Whether or not Invictus—Clint Eastwood’s forthcoming film about South African rugby—manages to sentimentalize apartheid, the 2009 film season has already been defined by gritty, emotional realism. Kathryn Bigelow’s anti-epic, The Hurt Locker, was the first fictional film on the Iraq War to approximate the conflict psychologically. Save for David Simon’s HBO miniseries Generation Kill, only The Hurt Locker achieves verisimilitude; sitting through the picture in the theater must feel something like serving in country. More recently, Lars von Trier’s harrowing, and ultimately, despicable masterpiece Antichrist, was at least as unwatchable, to those who haven’t suffered such a loss, as losing a child is unimaginable.
Lee Daniels’ second feature, Precious: Based on the Novel Push by Sapphire, (the novel was adapted by Geoffrey Fletcher), does for life in the ghetto what Bigelow did for modern war, and von Trier for filicide. At the start of the film, Precious (Gabourey ‘Gabby’ Sidibe) is sixteen, illiterate, obese, and pregnant with her own father’s child—for the second time. She’s a quiet girl in the initial scenes, and when we first hear her speak it’s in voiceover. Though she may be piteous—in fact, there may never have been a character more deserving of sympathy—her tone isn’t pitiable. Precious lives in her imagination, and it is only in her fantasies that she finds sovereignty. At home with her mother, she is a slave in the truest sense: she’s an indentured servant and a source of income for her master. Welfare is the lone industry in the film, and the greater the recipient’s need appears, the larger the monthly check. For Precious’ mother, Mary (Mo’Nique), to survive without working, she must keep Precious—and whatever issues from Precious—under her ward. Before a visit from their social worker, Mary’s mother brings over Precious’ first child, whom Mary, on paper, claims as her own. The girl is a product of incest and afflicted with Down syndrome. She’s called Mongo, short for mongoloid. We’re never given her real name.
Precious is, throughout, a film about perverse subjugation. Mary profits from her control over Precious (the fuller the house, the greater the yield), but the gains themselves are dependent upon stasis. If Precious leaves the house, Mary can’t eat. Precious, therefore, is a resource and a crutch, and as any head of an empire, Mary fights violently to keep her progeny in the commonwealth. In an early scene, after a counselor from Precious’ school stops by the apartment building to conference with Mary, thinking she’ll be reported—for abuse and neglect, ostensibly—Mary attacks her daughter, throwing at her whatever she can find, in this case a shoe. Later, she throws a television.
The film is in many ways unbearable to watch, and because of that all the more necessary to see. But unlike Antichrist, for instance, which was relentlessly horrific to no purpose (and still astounding in spite of that), Precious strives to alleviate misery. Precious moves to an alternative school where she meets Ms. Rain (Paula Patton), who commits herself wholeheartedly to Precious’ resurrection. What keeps this plot point from turning saccharine, though, is the fact that Precious herself may be past saving. Even if she were to earn her GED and go to college, by the end of the film, one feels, as an observer, that her psychic wounds are too deep to close. How can she, for instance, tell her son about his father?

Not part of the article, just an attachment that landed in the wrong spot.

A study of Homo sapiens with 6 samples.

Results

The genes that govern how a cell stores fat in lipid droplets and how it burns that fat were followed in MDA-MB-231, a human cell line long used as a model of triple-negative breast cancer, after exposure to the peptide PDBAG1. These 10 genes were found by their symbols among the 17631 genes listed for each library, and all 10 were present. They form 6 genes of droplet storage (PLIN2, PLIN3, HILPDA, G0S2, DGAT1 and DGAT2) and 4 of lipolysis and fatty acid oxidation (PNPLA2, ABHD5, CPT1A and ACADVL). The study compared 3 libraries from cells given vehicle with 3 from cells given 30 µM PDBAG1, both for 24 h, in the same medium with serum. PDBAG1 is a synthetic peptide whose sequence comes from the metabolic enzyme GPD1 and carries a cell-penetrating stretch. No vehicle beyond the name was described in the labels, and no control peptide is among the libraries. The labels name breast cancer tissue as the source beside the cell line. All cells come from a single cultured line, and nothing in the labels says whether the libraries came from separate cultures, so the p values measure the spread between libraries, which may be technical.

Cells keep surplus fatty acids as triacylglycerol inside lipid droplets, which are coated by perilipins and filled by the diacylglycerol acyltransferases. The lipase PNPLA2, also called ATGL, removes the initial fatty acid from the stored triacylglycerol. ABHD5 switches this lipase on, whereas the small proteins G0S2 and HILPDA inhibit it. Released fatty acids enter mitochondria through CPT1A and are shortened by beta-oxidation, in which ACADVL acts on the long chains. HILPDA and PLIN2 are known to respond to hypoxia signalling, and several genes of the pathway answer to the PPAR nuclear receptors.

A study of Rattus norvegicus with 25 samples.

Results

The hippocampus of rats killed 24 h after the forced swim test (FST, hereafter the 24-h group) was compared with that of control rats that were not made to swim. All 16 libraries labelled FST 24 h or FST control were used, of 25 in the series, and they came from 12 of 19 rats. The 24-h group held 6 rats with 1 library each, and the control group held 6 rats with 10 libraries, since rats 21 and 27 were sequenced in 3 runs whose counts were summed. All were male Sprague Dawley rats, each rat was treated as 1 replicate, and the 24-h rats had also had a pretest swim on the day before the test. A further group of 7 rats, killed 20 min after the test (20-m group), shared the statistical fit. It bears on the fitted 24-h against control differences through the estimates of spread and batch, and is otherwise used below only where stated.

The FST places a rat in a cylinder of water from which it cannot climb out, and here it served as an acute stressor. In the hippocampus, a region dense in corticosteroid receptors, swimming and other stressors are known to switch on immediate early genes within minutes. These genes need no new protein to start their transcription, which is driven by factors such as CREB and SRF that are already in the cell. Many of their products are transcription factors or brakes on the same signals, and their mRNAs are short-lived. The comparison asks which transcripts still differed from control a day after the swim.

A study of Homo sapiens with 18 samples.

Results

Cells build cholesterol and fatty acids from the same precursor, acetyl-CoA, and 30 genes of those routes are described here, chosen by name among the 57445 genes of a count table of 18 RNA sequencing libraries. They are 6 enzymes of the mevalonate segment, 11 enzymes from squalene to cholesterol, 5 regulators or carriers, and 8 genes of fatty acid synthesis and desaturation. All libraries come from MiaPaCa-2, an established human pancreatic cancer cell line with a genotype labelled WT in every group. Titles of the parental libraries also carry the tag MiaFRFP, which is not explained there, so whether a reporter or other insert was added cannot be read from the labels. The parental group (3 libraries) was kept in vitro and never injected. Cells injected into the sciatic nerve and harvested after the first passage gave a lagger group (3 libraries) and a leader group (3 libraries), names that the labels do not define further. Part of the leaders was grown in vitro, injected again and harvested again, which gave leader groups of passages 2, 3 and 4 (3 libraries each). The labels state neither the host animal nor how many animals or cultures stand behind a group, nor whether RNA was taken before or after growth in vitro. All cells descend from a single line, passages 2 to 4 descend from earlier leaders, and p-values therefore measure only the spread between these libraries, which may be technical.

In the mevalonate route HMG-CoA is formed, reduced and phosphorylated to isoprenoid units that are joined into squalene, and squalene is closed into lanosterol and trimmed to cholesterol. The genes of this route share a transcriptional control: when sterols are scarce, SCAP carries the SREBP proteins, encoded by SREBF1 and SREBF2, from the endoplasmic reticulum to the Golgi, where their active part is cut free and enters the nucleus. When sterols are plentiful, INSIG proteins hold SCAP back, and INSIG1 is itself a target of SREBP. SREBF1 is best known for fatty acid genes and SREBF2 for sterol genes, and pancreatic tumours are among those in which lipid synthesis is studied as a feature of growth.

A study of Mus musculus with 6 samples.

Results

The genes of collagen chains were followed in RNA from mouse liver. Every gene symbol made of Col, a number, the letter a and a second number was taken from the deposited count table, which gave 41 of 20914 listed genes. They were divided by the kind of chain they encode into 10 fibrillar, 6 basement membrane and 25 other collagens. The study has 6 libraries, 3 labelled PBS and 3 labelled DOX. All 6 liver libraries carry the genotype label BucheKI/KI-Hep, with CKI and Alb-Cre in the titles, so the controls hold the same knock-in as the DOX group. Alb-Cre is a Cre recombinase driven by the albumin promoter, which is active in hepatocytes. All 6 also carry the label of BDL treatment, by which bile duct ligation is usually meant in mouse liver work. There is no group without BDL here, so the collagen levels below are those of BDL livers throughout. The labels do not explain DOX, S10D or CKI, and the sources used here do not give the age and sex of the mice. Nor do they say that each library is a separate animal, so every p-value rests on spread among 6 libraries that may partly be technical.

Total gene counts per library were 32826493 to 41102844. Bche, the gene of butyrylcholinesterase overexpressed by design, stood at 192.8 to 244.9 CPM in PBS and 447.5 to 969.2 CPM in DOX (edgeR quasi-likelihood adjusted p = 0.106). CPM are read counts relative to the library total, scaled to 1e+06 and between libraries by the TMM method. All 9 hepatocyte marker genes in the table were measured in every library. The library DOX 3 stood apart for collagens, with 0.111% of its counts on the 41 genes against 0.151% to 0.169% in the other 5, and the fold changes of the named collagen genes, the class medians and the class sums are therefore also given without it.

Precious is the preeminent victim of her circumstances. But at the same time, excepting a few intense moments of introspection (the grandest one being the final encounter she has with her mother at the welfare office, a scene that may be the most terrifyingly cathartic of the year—surpassing even Charlotte Gainsbourg’s self-mutilation scene in Antichrist) she doesn’t dwell very long on her plight. And that she remains optimistic in spite of everything is either this film’s greatest flaw, or its triumph. If it’s the latter—and I would argue it is—Precious is much more than an exposé of poverty or an argument against government aid. It earns its optimism, if only because the labors necessary to achieve that hope are so awful.
When Precious leaves the welfare office, carrying her son, and holding her daughter’s hand, I thought of the close of Kubrick’s Paths of Glory. After the execution of the innocent deserters in that film, the surviving soldiers sit in a mess hall. A beautiful young woman comes out onto the stage. The men jeer her as she begins to sing. But soon they stop. They’re unable to summon more insults. The beauty of her art, for that moment, eliminates their horrors. Similarly, Precious’ love for her children wipes away, temporarily, the mess of her circumstances.
Lee Daniels, by making this film, trained his eye—subjective as that eye may sometimes seem—on a family whose abhorrent situation, terrifyingly enough, isn’t unique. For many audiences (even those familiar with the fourth season of The Wire), Precious ought to come as a sickening shock. Despite its dream sequences and fantasies, it is overwhelmingly real.